The Alabama State Port Authority is one of the largest economic engines for the state and wants to build on its $22.4 billion economic impact.
The 4,000 acres that make up the state docks have multiple complexes that handle everything from auto parts to coal and from poultry to pine.
But the port could be doing more, according to Jimmy Lyons, director and CEO of the Port Authority.
“We’ve got a couple of exciting projects going on right now,” Lyons said. “We’re in the midst of doing a second expansion to our container terminal, actually our third phase. We finished phase two last year and realized that’s not enough, so we’re going to phase three right away. We’re on schedule to have that work all completed by the end of ’19.”
The start of 2019 should see construction begin on a new $60 million automobile roll-on, roll-off terminal, a major move to support automotive logistics in a state where automotive manufacturing is a major industry.
Another major event will take place Aug. 14 when Walmart officially opens its $135 million import distribution center in Mobile. In addition to creating 550 full-time jobs, that 2.5 million-square-foot facility will generate something the port desperately needs: empty shipping containers.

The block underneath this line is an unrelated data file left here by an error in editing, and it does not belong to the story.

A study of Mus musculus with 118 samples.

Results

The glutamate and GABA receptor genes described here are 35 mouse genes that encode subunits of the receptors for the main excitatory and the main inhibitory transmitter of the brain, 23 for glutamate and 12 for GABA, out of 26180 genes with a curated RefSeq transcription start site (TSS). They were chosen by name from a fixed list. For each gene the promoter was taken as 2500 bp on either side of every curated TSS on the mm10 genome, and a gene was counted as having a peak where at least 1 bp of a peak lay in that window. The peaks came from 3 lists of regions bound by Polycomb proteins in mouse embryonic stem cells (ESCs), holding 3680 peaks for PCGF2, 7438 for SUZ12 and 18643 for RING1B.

Lyons told the Economic Development Association of Alabama at its 2018 Summer Conference this week that the state struggles to find enough shipping containers to meet the demand. With Walmart bringing in 50,000 containers per year when fully operational, that will help provide more empty cargo containers for exporters. That will reduce costs for exporters who pay to bring in empty containers; it will also help Alabama’s port retain business that now goes to other ports when containers aren’t available, Lyons said.
The Army Corps of Engineers is seeking comments now on a $388 million plan to enlarge the port’s Mobile Ship Channel. A deeper and wider channel will clear the way for the port to accommodate larger ships that are already starting to come through the expanded Panama Canal, Lyons said. A deeper channel also allows ships to carry more weight, making the port more efficient for importers and exporters, he said.
According to an economic impact study from the University of Alabama’s Center for Business and Economic Research, the port is responsible for 134,608 direct and indirect jobs in the state with a direct and indirect tax impact of $486.9 million.
In 2017, the port handled 28.7 million tons of goods and 318,889 shipping containers.